24 October 2018
With the EU General Data Protection Regulation (GDPR) now in effect, one of the emerging considerations is whether its provisions – specifically Article 80 – open the door to 'class action' style privacy cases. Several European countries have already legislated for varying degrees of collective actions, particularly in the area of consumer protection, and post the coming into effect of the GDPR on 25th May, GDPR privacy class-action suits were commenced in several jurisdictions. Class action in any similar form would be a dramatic departure in this jurisdiction. Coupled with the extension of damages to non-material (as well as material) losses, many businesses are concerned that the financial ramifications of GDPR from data subject claims may be even more severe than the threat from GDPR's well-publicised administrative fines.
Article 80 of the GDPR introduces a collective action mechanism whereby not-for-profit bodies dedicated to personal data protection can initiate claims on behalf of data subjects whom allege their rights have been infringed. In theory, this provision should enhance the protections GDPR affords to data subjects by giving authorised associations in each Member State the power to consolidate claims and represent them on a larger scale.
Article 80 has been welcomed by privacy campaigners, most notably Max Schrems, whose recent effort to build a collective action against Facebook was thwarted by the ECJ.
Whilst the GDPR provides that data subjects ‘shall have the right to’ initiate actions, it does not actually provide them with any actionable tool or procedural framework to kick-start the process. It has left that particular task up to the individual Member States.
As an EU Regulation, the GDPR has direct effect, and does not generally require transposition into Irish law. Certain provisions give Member States flexibility however, and in Ireland, the Data Protection Act 2018 legislates for the Irish position in those areas.
Article 80 is one such provision, the result being that the implementation of the class action mechanism is almost entirely at the discretion of the national legislature. The provision has the following mandatory and discretionary parts:
The 2018 Act has given effect to (1) and (2) above, the latter of the two being discretionary. It has not given effect to (3). In practice, this means that certain practices will go unchallenged unless the data subject in question is identified and willing to step forward, which is unlikely if, for example, the infringement at issue relates to special categories personal data.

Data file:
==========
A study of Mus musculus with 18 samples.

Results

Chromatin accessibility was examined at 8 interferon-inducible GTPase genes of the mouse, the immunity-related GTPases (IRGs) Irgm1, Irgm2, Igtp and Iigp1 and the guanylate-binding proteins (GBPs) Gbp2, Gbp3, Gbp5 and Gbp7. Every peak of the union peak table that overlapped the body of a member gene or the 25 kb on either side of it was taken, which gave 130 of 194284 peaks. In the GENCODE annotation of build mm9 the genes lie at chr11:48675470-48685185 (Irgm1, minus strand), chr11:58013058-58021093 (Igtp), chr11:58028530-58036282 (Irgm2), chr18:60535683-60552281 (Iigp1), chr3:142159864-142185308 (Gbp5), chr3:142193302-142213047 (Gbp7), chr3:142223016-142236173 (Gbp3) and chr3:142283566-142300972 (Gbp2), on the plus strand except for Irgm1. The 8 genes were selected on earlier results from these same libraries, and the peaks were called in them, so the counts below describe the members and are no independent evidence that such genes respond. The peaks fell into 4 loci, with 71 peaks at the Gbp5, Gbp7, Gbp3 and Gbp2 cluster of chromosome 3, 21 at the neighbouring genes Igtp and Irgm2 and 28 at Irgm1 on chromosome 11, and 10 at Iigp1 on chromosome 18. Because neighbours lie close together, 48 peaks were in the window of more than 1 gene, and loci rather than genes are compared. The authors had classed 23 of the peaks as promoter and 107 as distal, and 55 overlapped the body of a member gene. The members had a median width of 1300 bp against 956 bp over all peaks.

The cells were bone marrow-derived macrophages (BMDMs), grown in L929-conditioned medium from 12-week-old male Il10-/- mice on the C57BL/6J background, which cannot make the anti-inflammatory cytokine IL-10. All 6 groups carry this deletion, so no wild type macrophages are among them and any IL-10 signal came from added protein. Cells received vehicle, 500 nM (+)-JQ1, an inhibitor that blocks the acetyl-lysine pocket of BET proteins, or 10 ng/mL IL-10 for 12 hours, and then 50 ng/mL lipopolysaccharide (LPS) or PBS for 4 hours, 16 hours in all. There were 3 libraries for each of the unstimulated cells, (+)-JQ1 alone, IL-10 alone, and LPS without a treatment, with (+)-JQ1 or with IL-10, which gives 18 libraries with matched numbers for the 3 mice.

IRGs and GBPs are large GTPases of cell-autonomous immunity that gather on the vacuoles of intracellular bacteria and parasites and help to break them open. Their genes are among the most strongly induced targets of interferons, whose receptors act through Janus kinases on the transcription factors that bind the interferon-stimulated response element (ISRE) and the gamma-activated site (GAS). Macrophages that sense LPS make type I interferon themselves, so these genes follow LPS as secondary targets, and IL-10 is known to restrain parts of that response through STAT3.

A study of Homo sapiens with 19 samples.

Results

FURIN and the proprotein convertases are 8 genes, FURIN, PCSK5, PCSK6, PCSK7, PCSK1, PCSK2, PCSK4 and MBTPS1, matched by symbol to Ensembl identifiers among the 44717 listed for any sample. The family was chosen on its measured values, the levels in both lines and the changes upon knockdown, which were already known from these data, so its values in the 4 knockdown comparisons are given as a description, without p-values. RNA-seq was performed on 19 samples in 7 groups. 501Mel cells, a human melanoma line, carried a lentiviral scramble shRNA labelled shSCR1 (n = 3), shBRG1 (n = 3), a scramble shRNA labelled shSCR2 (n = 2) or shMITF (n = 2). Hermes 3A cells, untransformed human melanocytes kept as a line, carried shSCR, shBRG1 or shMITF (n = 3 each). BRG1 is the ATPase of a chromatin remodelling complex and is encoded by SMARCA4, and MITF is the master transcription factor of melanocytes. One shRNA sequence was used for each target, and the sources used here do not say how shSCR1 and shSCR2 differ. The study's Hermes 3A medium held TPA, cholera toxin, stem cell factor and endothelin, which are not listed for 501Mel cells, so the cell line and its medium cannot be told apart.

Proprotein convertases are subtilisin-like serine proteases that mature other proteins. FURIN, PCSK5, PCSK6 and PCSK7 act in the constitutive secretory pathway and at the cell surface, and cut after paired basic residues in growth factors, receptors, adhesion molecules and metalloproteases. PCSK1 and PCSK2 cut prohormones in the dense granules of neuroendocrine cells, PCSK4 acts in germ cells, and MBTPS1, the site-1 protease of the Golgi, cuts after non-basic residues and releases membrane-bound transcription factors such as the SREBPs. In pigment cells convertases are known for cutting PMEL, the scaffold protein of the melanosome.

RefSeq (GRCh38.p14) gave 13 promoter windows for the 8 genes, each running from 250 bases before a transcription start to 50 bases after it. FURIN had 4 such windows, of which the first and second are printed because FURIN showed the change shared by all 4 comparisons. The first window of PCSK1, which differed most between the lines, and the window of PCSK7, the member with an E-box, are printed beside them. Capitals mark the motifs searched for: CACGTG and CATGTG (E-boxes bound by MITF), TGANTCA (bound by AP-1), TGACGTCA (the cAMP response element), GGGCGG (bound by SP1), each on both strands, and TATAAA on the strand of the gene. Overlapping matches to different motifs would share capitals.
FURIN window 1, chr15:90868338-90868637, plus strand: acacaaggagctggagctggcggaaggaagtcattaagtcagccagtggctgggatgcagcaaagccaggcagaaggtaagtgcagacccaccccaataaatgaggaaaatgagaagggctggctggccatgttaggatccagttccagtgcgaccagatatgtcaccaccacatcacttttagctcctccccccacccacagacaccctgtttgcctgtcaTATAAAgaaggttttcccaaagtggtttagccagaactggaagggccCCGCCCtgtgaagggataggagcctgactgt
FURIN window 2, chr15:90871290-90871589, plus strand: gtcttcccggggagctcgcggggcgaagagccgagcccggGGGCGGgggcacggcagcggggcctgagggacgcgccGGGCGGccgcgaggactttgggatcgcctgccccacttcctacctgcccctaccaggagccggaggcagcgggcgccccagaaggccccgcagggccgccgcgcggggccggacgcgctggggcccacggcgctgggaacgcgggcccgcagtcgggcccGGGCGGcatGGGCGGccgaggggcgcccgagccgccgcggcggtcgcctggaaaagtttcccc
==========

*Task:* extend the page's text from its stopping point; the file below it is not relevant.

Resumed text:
In practical terms, the Data Protection Commission (DPC) has facilitated the implementation of Article 80 into Irish law by publishing an updated ‘Raise a Concern’ form which provides a mechanism for data subjects to authorise third parties to make a complaint on their behalf.
Not exactly, but it does move us closer by enhancing a citizen's opportunity to enforce their data privacy rights. Although the claims consolidation mechanism under GDPR falls short of a US-style 'class action' right, the possible introduction of class action lawsuits has also been put back on the political agenda in recent times in light of the tracker mortgage scandal. 2017 saw the publication of a ‘Multi-Party Actions Bill’ which proposed that proceedings involving multiple parties and which involve common or related issues of fact or law be certified by the Court as ‘multi-party actions’.
The full impact of Article 80 remains to be seen, but permitting qualified not-for-profit bodies to initiate claims on behalf of data subjects with their mandate should now give ordinary litigants recourse to seek redress in circumstances where they would otherwise not have had the resources to do so.